Health care providers could use Joy Project International's applications to keep tabs on how their patients are feeling and prevent a condition from worsening.
Who says money can't buy happiness?
Just ask Tim Rowe, the Joyful Executive Officer of Naples-based Joy Project International.
Rowe, the former chief financial officer of the Naples International Film Festival and a former hospitality industry executive, recently launched an application called Joybug. For $9.99 a month after you sign up at Joybug.net, the program will send you personalized uplifting two-minute audio meditation messages anywhere on your mobile device. “Three times a day, you're going to get a joy break,” Rowe says with a wide grin.
But who would pay for that?
Turns out, lots of people would. Rowe says hundreds of thousands of people have signed up for a similar service created by Oprah Winfrey and Deepak Chopra that costs $49.99 for 21 days. “We're looking for the people who are open to it,” he says, noting it's most likely to be women and people interested in health, exercise and well-being.
Rowe says people are looking for ways to counteract the constant stream of negative news that reaches them on mobile devices, computers and tablets. Meditation and other spiritual programs have grown substantially in recent years. “There's a groundswell,” says Rowe.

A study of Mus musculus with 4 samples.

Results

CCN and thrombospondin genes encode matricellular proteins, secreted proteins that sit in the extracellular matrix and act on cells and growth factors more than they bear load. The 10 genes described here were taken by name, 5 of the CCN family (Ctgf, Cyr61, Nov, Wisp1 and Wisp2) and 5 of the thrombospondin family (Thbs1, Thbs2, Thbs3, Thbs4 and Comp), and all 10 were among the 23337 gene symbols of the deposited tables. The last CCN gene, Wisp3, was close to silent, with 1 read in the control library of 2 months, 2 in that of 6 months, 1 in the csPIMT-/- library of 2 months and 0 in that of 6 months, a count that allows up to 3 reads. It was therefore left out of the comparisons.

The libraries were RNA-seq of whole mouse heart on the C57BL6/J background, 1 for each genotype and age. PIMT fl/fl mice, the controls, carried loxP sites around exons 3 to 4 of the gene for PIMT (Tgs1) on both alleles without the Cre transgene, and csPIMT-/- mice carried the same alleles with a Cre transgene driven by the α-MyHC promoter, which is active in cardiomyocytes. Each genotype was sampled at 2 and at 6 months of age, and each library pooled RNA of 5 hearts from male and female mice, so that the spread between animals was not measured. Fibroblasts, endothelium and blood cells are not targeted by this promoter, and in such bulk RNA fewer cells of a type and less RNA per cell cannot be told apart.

Rowe and a group of health care and construction entrepreneurs from the region have spent $100,000 and three years on the project. Initially, Rowe says Joybug is aiming for 3,000 users by the end of the year. “If we can get a foothold on the consumer side, then that will help us get in on the corporate side,” Rowe says.
The Joy Project plans to sell a more customized version of the service to health care providers such as hospitals and enhance it with interactive functions. For example, an uplifting message from your health care provider might pop up on your phone at regular intervals and ask how you're feeling. If you respond and indicate you're not feeling well, a physician could be immediately alerted.
This is important because the government now penalizes health care providers who have high rates of hospital readmissions. If a program can identify patients who are not feeling well after their initial hospital stay, they could treat them before their condition worsens. “Nobody else has interactivity,” Rowe says.
In addition, the program could promote behavior modification, such as reminding patients to take their medications or encouraging them to exercise a joint that was recently repaired. The application could then track their progress and report back to their health care provider.
But before Rowe begins selling the service to hospitals and other health care providers, he wants to make sure consumers find it useful for the $9.99 they're paying each month. “We've worked on the pricing for a long, long time,” says Rowe. “Once you get over $10, you get sensitivity to automatic billing.”
Rowe acknowledges that it will be easier to sell health care providers once Joybug.net accumulates thousands of users. “I don't want to fight the gatekeepers,” he says. “I'm not a corporate salesperson.”